50 years ago: Turtlers return from Mosquito Cays

In the June 1, 1966 edition of the Caymanian Weekly, a precursor of the Cayman Compass, East End correspondent Charles Dixon wrote:

East-End-final-new-50-years-WEB“After completing a successful three months on the Mosquito Cays, the turtle trappers returned to their wives and loved ones on May 17. As a result, meat has been plentiful but at various prices. Some butchers have been selling green turtle meat at 3 shillings per pound, other butchers have been selling at 2 shillings 6 pence per pound to try and keep the price down.

“We all hope this effort will be successful as everyone feels 3 shillings is asking too much.

“Mr. Denby Rankin left the island on the May 21 to visit some friends.

“Mr. Berkley McLean left the island on May 14 to resume work with National Bulk Carriers.

“Mr. Carlton Pearson left for Jamaica on May 15 to resume work with National Bulk Carriers.”

In the same issue, North Side correspondent Nettie McCoy wrote:

“On Sunday 22nd, Mr. Clem Ryan and his mother left for Jamaica. They were accompanied by Mrs. Berkeley Bodden and her little grandson. Clem has taken his mother for medical aid.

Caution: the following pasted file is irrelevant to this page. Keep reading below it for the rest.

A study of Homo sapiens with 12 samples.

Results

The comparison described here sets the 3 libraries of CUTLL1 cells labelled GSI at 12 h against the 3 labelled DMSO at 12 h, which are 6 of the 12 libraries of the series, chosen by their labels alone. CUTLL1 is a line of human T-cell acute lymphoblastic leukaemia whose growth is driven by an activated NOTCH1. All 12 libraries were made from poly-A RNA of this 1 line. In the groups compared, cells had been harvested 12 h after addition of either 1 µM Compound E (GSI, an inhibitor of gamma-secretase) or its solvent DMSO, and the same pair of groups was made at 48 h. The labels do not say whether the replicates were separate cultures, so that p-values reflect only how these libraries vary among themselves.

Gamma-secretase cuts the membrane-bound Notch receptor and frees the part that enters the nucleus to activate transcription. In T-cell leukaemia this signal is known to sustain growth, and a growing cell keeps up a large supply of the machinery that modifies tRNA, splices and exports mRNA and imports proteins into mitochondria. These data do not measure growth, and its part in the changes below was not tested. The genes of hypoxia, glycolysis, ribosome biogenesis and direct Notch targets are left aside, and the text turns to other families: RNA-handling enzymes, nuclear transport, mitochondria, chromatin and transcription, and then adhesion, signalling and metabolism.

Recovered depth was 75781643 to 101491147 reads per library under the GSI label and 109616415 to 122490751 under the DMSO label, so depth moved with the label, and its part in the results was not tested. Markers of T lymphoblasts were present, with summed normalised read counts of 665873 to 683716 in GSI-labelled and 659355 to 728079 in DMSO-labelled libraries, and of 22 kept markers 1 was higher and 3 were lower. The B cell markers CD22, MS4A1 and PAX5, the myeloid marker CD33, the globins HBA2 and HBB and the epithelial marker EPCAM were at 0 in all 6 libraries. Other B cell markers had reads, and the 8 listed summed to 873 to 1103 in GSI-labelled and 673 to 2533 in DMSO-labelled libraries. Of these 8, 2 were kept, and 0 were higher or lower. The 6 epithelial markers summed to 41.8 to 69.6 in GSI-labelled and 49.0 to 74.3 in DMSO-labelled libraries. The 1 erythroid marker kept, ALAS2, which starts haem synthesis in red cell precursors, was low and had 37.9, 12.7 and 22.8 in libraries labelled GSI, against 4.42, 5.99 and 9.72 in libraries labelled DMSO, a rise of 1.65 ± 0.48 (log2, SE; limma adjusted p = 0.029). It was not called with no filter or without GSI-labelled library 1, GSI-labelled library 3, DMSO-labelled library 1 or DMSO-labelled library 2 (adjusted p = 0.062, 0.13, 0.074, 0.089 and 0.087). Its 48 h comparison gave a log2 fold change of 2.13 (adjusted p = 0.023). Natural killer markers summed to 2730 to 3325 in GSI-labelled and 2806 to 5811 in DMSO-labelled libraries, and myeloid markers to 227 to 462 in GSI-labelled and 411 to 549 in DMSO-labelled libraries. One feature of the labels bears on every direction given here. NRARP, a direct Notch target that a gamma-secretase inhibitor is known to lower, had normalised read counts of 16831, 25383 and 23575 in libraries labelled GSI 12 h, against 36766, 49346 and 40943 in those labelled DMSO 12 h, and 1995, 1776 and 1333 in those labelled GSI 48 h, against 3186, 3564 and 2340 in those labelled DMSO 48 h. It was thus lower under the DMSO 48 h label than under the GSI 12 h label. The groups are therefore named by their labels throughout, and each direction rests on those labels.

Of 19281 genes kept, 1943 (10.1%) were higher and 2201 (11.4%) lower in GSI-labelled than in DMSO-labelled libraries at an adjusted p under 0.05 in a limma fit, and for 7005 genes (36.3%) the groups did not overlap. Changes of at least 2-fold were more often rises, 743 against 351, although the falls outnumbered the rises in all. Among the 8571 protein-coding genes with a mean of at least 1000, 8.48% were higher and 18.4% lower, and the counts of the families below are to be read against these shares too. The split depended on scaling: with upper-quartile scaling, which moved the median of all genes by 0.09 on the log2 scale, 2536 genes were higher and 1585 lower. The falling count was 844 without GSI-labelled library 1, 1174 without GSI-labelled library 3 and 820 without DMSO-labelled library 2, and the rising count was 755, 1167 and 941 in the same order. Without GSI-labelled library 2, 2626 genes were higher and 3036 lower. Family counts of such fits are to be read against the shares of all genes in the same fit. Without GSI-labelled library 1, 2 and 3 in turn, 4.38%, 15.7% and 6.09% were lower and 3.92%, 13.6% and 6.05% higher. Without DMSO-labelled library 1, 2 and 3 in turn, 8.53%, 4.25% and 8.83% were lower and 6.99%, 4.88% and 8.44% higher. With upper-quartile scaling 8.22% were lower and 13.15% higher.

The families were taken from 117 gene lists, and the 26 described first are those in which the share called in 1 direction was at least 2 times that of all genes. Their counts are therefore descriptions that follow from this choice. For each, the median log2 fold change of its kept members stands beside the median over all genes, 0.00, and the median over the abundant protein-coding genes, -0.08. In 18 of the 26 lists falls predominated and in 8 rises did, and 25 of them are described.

“Mrs. David Ebanks left on the 21st for a short vacation in Miami. While there, she will have the pleasure of meeting with her husband whose ship runs in to Miami.

“Arriving home on Thursday May 25 was Miss Jennilee Ebanks, who was sent to Jamaica for medical aid. She reports that she is feeling much improved.

“Home on a month’s vacation is Miss Vivia Connolly, looking very fresh after spending several months in the U.S. where she is working.

“On Thursday, May 25, a shower was held at the home of Mrs. Linton Whittaker in honour of Miss Quinsey Gay Whittaker. The bride-to-be received many lovely and useful gifts.

“It is very disappointing to be told that the work on the road will again be stopped before coming into the district.

“Since the recent rains there are some terrible potholes, that could well do with a little of the surplus marl that is being heaped on places not so badly in need of it as where the residents of the districts have to trudge day after day.”